As Congress begins to tackle immigration reform, a new poll indicates there's been a drop in support over the last month for a pathway to citizenship for undocumented immigrants.
According to a Quinnipiac University survey released Thursday, 52% favor such a proposal in the new poll, down from 59% who said the same thing in an April 4 survey, taken before the Boston Marathon bombings.
It's unclear whether the decline is directly related to last month's terror attack, but the same Quinnipiac poll also indicates the bombings had an influence on some voters' opinions about immigration reform. Nearly one in four voters said the bombings caused them to change their minds about whether undocumented workers should get a pathway to citizenship, according to the poll.
However, a strong majority--70%--say the terror attack is not a factor in their personal view about immigration.
When asked whether creating a pathway to citizenship for undocumented immigrants would increase the likelihood of terrorism, 22% say yes, while 66% say it would not make a difference.
Authorities allege the attacks were carried out about by Dzokhar and Tamerlan Tsarnaev, two brothers who entered the country legally from Kazakhstan last decade. Dzokhar, the youngest brother, became a U.S. citizen last year.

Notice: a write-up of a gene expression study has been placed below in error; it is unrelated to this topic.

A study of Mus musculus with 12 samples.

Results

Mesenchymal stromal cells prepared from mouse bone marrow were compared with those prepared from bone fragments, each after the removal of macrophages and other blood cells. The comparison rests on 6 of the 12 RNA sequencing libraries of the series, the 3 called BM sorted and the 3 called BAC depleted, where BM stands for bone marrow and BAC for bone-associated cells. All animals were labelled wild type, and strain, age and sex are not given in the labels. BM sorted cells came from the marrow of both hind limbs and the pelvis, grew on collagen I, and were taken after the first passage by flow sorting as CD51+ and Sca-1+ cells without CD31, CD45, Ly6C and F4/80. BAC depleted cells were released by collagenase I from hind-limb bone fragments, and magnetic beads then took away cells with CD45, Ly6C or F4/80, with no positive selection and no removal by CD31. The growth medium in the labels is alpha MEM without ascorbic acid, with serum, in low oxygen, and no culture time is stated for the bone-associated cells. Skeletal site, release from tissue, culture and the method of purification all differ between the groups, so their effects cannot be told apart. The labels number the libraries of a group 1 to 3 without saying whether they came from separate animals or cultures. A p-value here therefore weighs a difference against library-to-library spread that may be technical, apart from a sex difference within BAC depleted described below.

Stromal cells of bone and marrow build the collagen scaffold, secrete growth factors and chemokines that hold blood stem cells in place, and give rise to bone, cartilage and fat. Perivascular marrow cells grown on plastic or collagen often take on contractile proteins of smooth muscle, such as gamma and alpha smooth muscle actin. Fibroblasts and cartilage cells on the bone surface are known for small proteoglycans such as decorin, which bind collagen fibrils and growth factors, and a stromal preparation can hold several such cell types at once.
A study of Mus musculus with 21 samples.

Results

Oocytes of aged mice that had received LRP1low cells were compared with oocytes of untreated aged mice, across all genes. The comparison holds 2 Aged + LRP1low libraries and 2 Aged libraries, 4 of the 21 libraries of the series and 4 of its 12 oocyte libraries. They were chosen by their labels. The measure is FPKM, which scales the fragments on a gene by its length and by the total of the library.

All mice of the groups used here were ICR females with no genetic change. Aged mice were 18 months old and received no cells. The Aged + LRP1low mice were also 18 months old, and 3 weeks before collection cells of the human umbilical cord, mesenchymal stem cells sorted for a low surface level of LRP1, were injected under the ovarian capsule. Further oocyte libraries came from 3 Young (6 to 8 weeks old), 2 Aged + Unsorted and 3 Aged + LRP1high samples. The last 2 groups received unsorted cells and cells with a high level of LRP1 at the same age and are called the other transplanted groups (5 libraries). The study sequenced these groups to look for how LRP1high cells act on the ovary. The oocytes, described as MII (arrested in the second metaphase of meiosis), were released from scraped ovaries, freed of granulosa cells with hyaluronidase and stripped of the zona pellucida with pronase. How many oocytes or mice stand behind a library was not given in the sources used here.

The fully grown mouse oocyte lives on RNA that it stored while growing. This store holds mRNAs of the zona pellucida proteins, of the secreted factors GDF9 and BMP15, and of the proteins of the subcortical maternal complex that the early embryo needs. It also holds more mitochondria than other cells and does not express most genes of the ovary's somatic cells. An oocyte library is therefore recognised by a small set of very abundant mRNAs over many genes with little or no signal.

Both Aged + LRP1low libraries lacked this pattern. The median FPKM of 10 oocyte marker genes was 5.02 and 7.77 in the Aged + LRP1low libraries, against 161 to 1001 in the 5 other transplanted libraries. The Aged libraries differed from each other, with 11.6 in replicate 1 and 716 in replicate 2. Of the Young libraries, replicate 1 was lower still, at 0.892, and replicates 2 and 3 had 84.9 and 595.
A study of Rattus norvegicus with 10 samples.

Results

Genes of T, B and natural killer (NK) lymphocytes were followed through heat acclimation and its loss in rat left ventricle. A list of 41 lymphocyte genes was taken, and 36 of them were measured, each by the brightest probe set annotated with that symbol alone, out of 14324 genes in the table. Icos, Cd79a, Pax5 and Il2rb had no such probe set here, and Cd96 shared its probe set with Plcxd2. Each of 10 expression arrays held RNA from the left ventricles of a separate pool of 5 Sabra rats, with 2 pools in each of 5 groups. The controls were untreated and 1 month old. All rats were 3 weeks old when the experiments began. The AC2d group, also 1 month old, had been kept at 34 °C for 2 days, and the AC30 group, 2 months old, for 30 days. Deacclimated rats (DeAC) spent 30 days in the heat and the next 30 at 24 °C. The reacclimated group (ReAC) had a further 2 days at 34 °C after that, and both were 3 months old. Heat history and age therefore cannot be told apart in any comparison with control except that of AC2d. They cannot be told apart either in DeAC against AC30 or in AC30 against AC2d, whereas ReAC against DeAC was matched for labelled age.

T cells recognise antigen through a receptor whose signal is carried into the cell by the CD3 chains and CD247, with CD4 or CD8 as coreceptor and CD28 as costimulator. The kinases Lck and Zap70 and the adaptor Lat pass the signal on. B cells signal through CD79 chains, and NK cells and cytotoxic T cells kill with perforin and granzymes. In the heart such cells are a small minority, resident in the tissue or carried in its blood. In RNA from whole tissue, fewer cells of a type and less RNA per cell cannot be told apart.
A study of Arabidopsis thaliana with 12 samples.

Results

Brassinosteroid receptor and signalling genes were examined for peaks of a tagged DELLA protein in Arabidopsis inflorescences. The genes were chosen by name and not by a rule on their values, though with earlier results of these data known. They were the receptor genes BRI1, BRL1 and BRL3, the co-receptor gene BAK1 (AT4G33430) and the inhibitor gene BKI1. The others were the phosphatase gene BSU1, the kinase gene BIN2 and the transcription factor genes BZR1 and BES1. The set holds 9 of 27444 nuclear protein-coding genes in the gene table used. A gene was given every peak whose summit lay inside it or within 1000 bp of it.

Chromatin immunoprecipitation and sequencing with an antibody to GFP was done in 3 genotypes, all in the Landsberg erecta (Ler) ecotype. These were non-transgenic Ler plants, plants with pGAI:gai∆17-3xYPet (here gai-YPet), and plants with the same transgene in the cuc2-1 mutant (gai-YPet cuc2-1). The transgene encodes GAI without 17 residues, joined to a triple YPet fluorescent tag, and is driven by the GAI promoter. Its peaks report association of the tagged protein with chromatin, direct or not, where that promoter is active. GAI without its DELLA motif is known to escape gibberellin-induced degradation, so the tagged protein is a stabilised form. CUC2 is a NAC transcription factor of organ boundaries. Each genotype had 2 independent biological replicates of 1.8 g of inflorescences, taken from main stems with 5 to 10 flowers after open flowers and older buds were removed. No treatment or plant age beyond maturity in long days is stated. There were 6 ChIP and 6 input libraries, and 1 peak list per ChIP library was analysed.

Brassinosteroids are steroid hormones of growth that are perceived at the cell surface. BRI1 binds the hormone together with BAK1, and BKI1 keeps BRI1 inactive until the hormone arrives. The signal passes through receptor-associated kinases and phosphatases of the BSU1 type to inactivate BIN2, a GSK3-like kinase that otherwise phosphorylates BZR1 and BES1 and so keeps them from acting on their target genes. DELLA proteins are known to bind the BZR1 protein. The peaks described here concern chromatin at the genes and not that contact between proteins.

But concerns about the brothers' ties to the North Caucasus region in Russia found their way into the political debate, as some lawmakers have called for hearings over how the two brothers' intentions slipped through the cracks of the U.S. intelligence community.
Other lawmakers, meanwhile, have suggested taking more time in the immigration bill debate as the investigation continues and as emotions remain high in the wake of the terror attack.
A bipartisan group of senators formally unveiled their immigration proposal last month, which calls for tighter border security and a 13-year path to citizenship for those who entered the United States illegally before 2012. Included in that path is a requirement to pay a fine and back taxes, as well as pass a background check.
Senators who have been working on the bill, including Republican Sen. John McCain and Democratic Sen. Chuck Schumer, say if anything, the immigration bill will boost efforts to make the country more secure.
A separate poll released Wednesday by the Pew Research Center indicates that most see the Boston attacks as separate from the immigration debate. While a little more than a third of Americans--36%--say Boston should be an important factor in immigration reform efforts, a majority--58%--say the two are separate issues.
Many, however, have yet to form an opinion about the Senate immigration bill, the Pew poll shows. While 33% favor it and 28% oppose the legislation, 38% say they don't know enough about it to form an opinion.
Quinnipiac interviewed 1,147 registered voters by telephone from April 25-29, with a sampling error of plus or minus 2.6 percentage points.
For the Pew survey, 1,003 adults were interviewed by telephone from April 25-28. The sampling error is plus or minus 3.7 percentage points.